Paul Davis is participating in National Fire Protection Association’s (NFPA) Fire Prevention Week, October 6-12. This year’s fire safety campaign theme is Prevent Kitchen Fires which focuses on unattended cooking as the leading cause of home fires along with teaching homeowners how to prevent kitchen fires from starting to begin with. Fire Prevention Week is the longest running public health and safety observance on record.
According to the latest NFPA research, two of every five home fires start in the kitchen—more than any other place in the home. Fires that start in the kitchen can be dangerous when left burning for only a few minutes and may result in significant damage and injuries. Visit the website at www.nfpa.org.
- Stay in the kitchen when you are frying, grilling, broiling, or boiling food.
- If you must leave the room, even for a short period of time, turn off the stove.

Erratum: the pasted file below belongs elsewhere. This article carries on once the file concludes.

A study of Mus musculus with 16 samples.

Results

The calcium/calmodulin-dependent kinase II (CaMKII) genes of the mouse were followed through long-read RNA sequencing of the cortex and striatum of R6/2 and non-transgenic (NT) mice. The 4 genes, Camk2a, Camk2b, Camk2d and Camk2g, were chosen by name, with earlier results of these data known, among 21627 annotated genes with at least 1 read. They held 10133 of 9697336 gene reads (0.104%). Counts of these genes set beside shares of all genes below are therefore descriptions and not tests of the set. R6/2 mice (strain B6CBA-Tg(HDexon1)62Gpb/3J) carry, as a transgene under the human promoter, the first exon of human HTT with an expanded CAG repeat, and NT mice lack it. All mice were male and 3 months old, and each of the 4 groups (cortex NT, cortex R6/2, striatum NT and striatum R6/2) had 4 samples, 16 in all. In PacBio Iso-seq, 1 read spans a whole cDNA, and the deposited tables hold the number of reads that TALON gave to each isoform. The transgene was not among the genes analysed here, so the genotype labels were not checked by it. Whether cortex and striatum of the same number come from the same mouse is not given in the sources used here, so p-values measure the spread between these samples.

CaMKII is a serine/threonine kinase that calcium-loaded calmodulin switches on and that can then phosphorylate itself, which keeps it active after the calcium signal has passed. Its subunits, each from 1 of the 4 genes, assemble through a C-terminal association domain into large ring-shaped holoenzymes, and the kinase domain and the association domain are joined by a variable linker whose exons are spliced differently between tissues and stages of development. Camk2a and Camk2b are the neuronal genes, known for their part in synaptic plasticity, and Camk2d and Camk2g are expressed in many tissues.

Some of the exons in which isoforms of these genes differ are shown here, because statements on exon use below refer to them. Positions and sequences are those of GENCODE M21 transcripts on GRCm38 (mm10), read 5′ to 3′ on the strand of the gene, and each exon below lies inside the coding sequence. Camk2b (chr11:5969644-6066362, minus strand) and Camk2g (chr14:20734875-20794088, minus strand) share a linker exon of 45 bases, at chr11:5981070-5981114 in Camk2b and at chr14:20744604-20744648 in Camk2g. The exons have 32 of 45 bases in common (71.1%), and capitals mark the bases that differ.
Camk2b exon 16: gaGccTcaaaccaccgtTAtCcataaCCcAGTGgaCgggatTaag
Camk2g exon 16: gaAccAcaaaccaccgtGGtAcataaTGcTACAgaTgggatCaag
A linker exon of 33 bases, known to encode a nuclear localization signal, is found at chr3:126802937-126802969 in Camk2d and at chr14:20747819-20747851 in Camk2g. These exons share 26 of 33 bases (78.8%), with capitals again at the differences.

- When you are simmering, baking, or roasting food, check it regularly, stay in the home, and use a timer to remind you.
- If you have young children, use the stove’s back burners whenever possible.
- Keep children and pets at least three away from the stove.
- When you cook, wear clothing with tight-fitting sleeves.
- Keep potholders, oven mitts, wooden utensils, paper and plastic bags, towels, and anything else that can burn, away from your stovetop.
- Clean up food and grease from burners and stovetops.
- Smoke alarms should be installed in the kitchen and throughout the home; never remove or disable smoke alarms.
- Test smoke alarms at least monthly by pushing the test button.
- Install carbon monoxide detectors.
- Have a family plan in place and conduct a home “Fire Drill” at least twice a year.
- Have a portable ladder in each second floor room.
- Check fire extinguishers for expiration and replace as needed.
- Have an updated, emergency first aid kit.